The world’s fourth-largest economy is going cashless

The world’s fourth-largest economy is going cashless

© Xinhua/Li Mangmang via Getty Images> BEIJING, May 8, 2017 — A Chinese customer prepares to pay with Wechat in Bangkok, Thailand, May 5, 2017. It is a common thing in China to take no cash and pay with a smartphone, which is installed with China’s Alipay or Wechat apps. With a smartphone, people can pay almost everything such as shopping, repairing car, paying a taxi and registering a hospital. In many other countries, payment with Alipay and Wechat is becoming a new trend. Alipay’s parent company, Ant Financial Services Group or “Ant Financial,” has more than 200 million users in 25 countries and regions. Wechat, China’s largest social media company, has also grabbed dozens of markets around the world. (Xinhua/Li Mangmang via Getty Images)

The world is moving toward cashless payment, and Asia is leading the charge with companies like Alibaba, Tencent and Grab, and fast-growing mobile payment usage rates across the region. In China, more than 600 million people already use mobile payments, and in Southeast Asia, users are catching up fast.

















“[Thailand] is still very cash-heavy [but] the world’s changing, so e-wallets, contactless payments, these things all have been growing a lot,” Wye-Shun Fong, chief technology officer of Bangkok Payment Solutions, said at the Infinity Ventures Summit in Bangkok on Tuesday. (Fortune is a sponsor of this year’s summit.)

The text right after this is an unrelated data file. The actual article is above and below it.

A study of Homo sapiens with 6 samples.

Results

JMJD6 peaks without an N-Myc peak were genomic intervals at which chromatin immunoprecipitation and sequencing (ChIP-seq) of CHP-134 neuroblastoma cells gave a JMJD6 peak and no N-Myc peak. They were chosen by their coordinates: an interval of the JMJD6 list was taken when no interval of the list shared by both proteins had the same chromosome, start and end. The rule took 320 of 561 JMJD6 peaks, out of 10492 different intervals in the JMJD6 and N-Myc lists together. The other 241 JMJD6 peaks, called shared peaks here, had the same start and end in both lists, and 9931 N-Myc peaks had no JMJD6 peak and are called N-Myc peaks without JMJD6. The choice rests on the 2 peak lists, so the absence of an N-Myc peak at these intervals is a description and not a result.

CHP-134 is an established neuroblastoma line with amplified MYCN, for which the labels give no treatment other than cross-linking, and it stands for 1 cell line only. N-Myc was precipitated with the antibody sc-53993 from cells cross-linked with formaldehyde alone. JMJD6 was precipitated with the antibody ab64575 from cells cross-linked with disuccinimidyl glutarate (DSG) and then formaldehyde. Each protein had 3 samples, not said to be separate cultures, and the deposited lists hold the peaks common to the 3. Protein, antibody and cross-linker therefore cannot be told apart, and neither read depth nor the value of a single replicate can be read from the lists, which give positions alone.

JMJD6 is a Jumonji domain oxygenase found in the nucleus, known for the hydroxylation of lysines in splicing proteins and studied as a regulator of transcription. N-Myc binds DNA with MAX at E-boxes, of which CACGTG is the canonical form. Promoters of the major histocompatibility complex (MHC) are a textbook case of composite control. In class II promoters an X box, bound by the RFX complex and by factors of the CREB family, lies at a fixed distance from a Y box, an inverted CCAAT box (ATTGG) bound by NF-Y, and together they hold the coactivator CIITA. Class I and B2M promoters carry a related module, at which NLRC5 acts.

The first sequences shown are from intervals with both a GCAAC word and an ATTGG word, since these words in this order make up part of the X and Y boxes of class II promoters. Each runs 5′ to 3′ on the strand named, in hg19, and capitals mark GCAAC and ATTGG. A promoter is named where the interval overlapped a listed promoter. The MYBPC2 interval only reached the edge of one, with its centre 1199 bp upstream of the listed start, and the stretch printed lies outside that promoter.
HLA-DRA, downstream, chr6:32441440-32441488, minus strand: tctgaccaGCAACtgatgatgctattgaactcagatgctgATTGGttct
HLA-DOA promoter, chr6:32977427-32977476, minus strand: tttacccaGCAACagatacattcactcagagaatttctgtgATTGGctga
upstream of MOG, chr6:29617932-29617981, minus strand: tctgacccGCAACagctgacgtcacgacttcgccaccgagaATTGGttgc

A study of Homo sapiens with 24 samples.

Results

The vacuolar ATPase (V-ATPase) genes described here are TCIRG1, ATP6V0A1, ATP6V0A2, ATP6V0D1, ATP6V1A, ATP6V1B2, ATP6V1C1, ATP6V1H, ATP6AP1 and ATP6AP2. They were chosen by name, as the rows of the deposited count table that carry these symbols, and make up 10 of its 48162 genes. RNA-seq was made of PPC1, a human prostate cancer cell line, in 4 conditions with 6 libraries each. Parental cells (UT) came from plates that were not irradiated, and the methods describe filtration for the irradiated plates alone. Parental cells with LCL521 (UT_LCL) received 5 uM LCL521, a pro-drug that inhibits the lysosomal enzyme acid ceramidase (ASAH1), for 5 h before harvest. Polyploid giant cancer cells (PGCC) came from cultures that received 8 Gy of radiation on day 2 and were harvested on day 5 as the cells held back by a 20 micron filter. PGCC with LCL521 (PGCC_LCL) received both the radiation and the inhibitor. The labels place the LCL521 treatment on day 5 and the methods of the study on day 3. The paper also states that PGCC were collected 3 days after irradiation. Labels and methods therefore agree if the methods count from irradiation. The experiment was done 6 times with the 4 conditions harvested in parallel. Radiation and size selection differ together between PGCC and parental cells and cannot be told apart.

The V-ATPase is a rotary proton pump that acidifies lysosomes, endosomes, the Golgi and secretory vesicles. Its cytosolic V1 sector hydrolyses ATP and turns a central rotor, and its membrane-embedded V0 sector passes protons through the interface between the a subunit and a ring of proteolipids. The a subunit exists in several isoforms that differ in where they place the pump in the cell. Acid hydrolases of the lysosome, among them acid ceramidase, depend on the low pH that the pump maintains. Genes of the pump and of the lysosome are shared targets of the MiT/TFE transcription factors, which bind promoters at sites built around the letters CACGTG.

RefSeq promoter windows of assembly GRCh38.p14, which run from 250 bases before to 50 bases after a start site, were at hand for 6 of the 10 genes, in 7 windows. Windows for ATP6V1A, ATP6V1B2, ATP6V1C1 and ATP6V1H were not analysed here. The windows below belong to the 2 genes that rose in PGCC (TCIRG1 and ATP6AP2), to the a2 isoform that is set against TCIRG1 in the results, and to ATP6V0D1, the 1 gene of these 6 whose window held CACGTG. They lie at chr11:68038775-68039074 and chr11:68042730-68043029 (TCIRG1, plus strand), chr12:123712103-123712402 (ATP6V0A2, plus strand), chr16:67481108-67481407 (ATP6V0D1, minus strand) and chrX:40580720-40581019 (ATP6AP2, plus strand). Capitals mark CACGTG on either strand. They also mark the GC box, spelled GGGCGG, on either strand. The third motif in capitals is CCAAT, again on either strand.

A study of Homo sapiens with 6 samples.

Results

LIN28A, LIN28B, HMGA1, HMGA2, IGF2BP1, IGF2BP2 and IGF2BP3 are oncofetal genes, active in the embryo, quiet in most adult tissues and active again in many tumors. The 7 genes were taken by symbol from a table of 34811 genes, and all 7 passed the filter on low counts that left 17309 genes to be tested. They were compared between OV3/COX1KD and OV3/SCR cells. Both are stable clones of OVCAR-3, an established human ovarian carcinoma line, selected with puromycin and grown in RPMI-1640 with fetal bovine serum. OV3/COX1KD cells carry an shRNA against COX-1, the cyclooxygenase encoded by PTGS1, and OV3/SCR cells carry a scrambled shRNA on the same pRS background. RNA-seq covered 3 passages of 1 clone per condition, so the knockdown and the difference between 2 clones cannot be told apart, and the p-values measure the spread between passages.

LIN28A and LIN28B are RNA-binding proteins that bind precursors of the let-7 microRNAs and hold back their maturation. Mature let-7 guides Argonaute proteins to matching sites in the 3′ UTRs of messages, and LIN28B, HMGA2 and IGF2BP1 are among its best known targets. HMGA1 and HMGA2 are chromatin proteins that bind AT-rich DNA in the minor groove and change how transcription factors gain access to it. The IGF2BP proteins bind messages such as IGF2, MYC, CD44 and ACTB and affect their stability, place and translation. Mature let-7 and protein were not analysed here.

Bryan Zhou, founder and chief executive of Ksher, an e-payment solutions company backed by Sequoia Capital, said that Southeast Asia, which has a population of over 600 million, is “for sure” the most interesting market for Ksher to work in.

Southeast Asia’s 11 countries combined make the world’s fourth-largest economy, and the region has a high number of mobile and Internet users along with a speedy growth rate.

“[Southeast Asia] needs lower costs and good user experience to support the high growth,” Zhou said.

Tourism within Southeast Asia, as well as a large population of migrant workers in the region who send money back to their families in other countries, make cross-border payments a natural solution, Zhou said, adding that regulation still varies widely across Southeast Asia’s 11 countries.

“To be successful in this area, the key thing is localization,” Zhou said.

Related video: The backlash against going cashless (provided by CBS News)


Zhou started off working with Tencent’s WeChat Pay and Alibaba’s Alipay to take advantage of China’s huge outbound tourism market, much of which is directed to Southeast Asian countries like Thailand. Now, stores that accept WeChat Pay and Alipay are ubiquitous in Bangkok’s many malls and restaurants.

“Many years ago, during that time there were quite few wallets in the world, but now we can see there’s a very huge number of wallet players in the world, probably more than 100, especially in this region,” Zhou said, adding that Ksher has integrated nine wallet services in Thailand, Malaysia, Singapore, and Indonesia, and will reach over 50 by the end of next year.